Editor and Publisher, a leading US news industry publication, described the decision to use the charged term as a “turning point.”

“Apparently the utter chaos and carnage of the past week has finally convinced some to use ‘civil war’ without apology,” the magazine said in its online edition late Monday.

NBC News became the latest news organization to use the term, saying the violence between Shiite and Sunni Muslims combined with the government’s inability to quell the strife fit the definition of civil war.

Matt Lauer, the presenter of NBC’s “Today” morning show, said the network had thought carefully whether civil war was an appropriate phrase for the violence plaguing Iraq.

“We should mention we didn’t wake up on a Monday morning and say,’Let’s call this a civil war,’” Lauer said. “This took careful deliberation. We consulted with a lot of people.”

Lauer and retired US general Barry McCaffrey, an NBC News military analyst, said a civil war opposes at least two sides using violence toward political ends in a country whose government cannot stop the conflict.

Newsweek International editor Fareed Zakaria wrote that “there can be no more doubt that Iraq is in a civil war, in which leaders of both its main communities, Sunnis and Shiites, are fomenting violence.”

A fresh outbreak of violence left dozens dead in Iraq Monday, four days after more than 200 people were killed in bombings in Baghdad’s Shiite district of Sadr City.

The New York Times decided to use the phrase “civil war” after previously saying Iraq was “on the brink” of civil war, while the Los Angeles Times no longer uses quotation marks for the term.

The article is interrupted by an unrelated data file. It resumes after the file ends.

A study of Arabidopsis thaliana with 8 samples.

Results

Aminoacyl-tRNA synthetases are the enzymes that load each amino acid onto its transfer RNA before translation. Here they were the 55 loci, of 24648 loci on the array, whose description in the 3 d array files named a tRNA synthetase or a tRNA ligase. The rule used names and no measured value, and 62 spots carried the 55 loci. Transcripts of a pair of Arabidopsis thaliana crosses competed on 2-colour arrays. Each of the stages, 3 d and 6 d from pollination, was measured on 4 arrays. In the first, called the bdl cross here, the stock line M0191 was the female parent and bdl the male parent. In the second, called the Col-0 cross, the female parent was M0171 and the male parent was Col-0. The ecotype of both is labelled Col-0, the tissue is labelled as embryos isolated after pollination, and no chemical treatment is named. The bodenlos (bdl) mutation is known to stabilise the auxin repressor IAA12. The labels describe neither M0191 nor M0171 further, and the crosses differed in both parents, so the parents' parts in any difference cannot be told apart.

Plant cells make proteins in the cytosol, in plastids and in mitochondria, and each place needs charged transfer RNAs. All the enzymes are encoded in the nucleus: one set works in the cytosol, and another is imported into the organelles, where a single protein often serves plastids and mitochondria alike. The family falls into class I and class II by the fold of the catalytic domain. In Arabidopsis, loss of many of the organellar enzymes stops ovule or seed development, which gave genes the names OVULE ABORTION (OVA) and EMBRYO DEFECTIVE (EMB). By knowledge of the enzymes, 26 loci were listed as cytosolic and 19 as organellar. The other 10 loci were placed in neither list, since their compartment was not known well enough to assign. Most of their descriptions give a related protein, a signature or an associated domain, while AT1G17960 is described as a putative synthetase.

“In the United States, the debate over the term rages because many politicians, especially those who support the war, believe there would be domestic political implications to declaring it a civil war,” the influential daily said Sunday.

“They fear that an acknowledgement by the White House and its allies would be seen as an admission of a failure of president Bush’s Iraq policy,” it said.

But New York Times executive editor Bill Keller said Monday the daily would use the term judiciously.

“We expect to use the phrase sparingly and carefully, not to the exclusion of other formulations,” Keller said in a statement.

The White House has repeatedly rejected the term civil war to define the violence in Iraq.

“We’re clearly in a new phase, characterized by this increasing sectarian violence,” said National Security Advisor Stephen Hadley, in Estonia on Tuesday with US President George W. Bush, who is on the first stop of a European and Middle Eastern tour.

“That requires us, obviously, to adapt to that new phase,” he said, without going into detail.

Bush and Iraqi Prime Minister Nuri al-Maliki are scheduled to discuss Iraq’s security situation when they meet in Amman on Wednesday and Thursday.

White House spokesman Tony Snow used different words when describing the situation.

“What you do have is sectarian violence that seems to be less aimed at gaining full control over an area than expressing differences, and also trying to destabilize a democracy — which is different than a civil war, where two sides are clashing for territory and supremacy,” he said Monday.

UN chief Kofi Annan, for his part, said that Iraq was “almost” in a state of civil war or would soon be if drastic steps are not taken to halt the spiral of deadly sectarian violence.

Robert Thompson, a television and popular culture expert, saw in NBC’s decision to call the conflict a civil war a sign that the US media had turned a corner since the lead up to the March 2003 invasion, when they were seen as following the official line in their coverage.

“I think the job that especially television news did leading up to the war was certainly not their finest hour,” Thompson said.

“This is one more step in that direction of beginning to reclaim how they’re going to define and frame these stories as opposed to having them defined and framed for them by press conferences and the like,” he said.

Other US news outlets remain undecided. The Washington Post describes the Iraq conflict as “sectarian strife,” the McClatchy newspaper chain uses the phrase “sectarian violence,” and The Christian Science Monitor uses the term a “deepening civil war,” according to Editor and Publisher.